Dylan Thomas 100 years
This year is the centenary of the birth of Dylan Thomas (1914-1953). For Dagens Nyheter I spent a day with reporter Marianne Björklund following in Dylan’s trail.
Our first stop was to visit his birth place, an Edwardian house perched high up on 5 Cwmdonkin Drive with views over Swansea. Over the past few years enthusiasts have been working on restoring the house to its original condition to when it was bought as a new house by the Thomas family. We were guided around the house by Matt Hughes who has diligently restored many rooms including Dylan’s extremely small bedroom. On his desk are his favourite Woodbine cigarettes and half a glass of Ale.
Visitors can also stay in the house with 4 of the original bedrooms available for booking.
Staying in Swansea we visited The Dylan Thomas Centre which has a large permanent exhibition about the life and work of Dylan Thomas. The collection contains unique archive material, rare manuscripts, artwork, photographs, books and original sound recordings – it is well worth a visit.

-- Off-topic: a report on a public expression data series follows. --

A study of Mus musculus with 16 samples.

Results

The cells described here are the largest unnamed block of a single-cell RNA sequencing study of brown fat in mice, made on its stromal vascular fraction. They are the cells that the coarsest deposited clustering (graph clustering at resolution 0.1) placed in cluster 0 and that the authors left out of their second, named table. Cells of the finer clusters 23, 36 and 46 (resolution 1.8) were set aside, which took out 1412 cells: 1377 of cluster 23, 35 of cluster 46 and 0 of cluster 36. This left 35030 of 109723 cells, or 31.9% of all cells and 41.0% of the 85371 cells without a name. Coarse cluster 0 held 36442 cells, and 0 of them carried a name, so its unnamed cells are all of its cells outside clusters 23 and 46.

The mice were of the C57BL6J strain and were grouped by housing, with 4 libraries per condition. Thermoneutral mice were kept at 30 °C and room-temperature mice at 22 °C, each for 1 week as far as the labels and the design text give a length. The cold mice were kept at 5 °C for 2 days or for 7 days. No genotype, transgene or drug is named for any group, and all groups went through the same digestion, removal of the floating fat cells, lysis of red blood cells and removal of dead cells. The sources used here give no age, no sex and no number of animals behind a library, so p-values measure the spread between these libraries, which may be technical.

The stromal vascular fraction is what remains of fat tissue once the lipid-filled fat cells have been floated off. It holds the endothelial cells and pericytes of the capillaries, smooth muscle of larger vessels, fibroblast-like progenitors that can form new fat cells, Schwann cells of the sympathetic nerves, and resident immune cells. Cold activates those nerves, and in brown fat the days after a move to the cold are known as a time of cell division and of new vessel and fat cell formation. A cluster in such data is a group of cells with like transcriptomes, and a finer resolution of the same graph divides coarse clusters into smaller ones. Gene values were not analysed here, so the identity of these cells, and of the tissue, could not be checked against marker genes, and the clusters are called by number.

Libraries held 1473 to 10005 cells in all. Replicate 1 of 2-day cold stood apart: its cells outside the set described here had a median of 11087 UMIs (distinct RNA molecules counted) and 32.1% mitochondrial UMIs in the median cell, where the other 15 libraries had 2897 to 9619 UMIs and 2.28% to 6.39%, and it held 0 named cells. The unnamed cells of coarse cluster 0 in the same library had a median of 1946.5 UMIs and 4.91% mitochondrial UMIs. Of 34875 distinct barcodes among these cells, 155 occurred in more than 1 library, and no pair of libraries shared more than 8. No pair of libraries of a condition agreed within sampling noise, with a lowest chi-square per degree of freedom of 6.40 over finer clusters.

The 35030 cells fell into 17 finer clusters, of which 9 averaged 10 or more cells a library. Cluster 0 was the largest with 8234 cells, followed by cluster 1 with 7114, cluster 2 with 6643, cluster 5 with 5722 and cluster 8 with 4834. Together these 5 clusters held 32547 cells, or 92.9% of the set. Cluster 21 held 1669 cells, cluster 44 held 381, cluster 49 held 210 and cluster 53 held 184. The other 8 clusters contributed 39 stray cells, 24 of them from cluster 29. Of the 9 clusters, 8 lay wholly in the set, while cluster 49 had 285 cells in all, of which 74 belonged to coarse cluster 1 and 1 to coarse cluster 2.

We then visited the small picturesque Georgian town of Laugharne that lies on the estuary of the River Taf – an hours drive to the West of Swansea. Dylan lived here from 1949 until his death in 1953. Laugharne is thought to have been an inspiration for the fictional town of Llareggub in Under Milk Wood which he wrote in his ‘writing shed’ which is perched on the side of a cliff supported by stilts. He lived in the nearby Boathouse for the last four years of his life with his wife Caitlin and it was from here he made the fatal journey to New York.
Dylan had many favourite ‘watering holes’ and we visited one of these, Browns Hotel for some liquid refreshment in the form of real Welsh ale. Nice.
Framed black & white photographs of Dylan & Caitlin drinking in the same bar adorned the walls. Our last visit was to the graveyard at St. Martin’s Church where Dylan & Caitlin are buried in the same grave which is marked by a simple white wooden cross.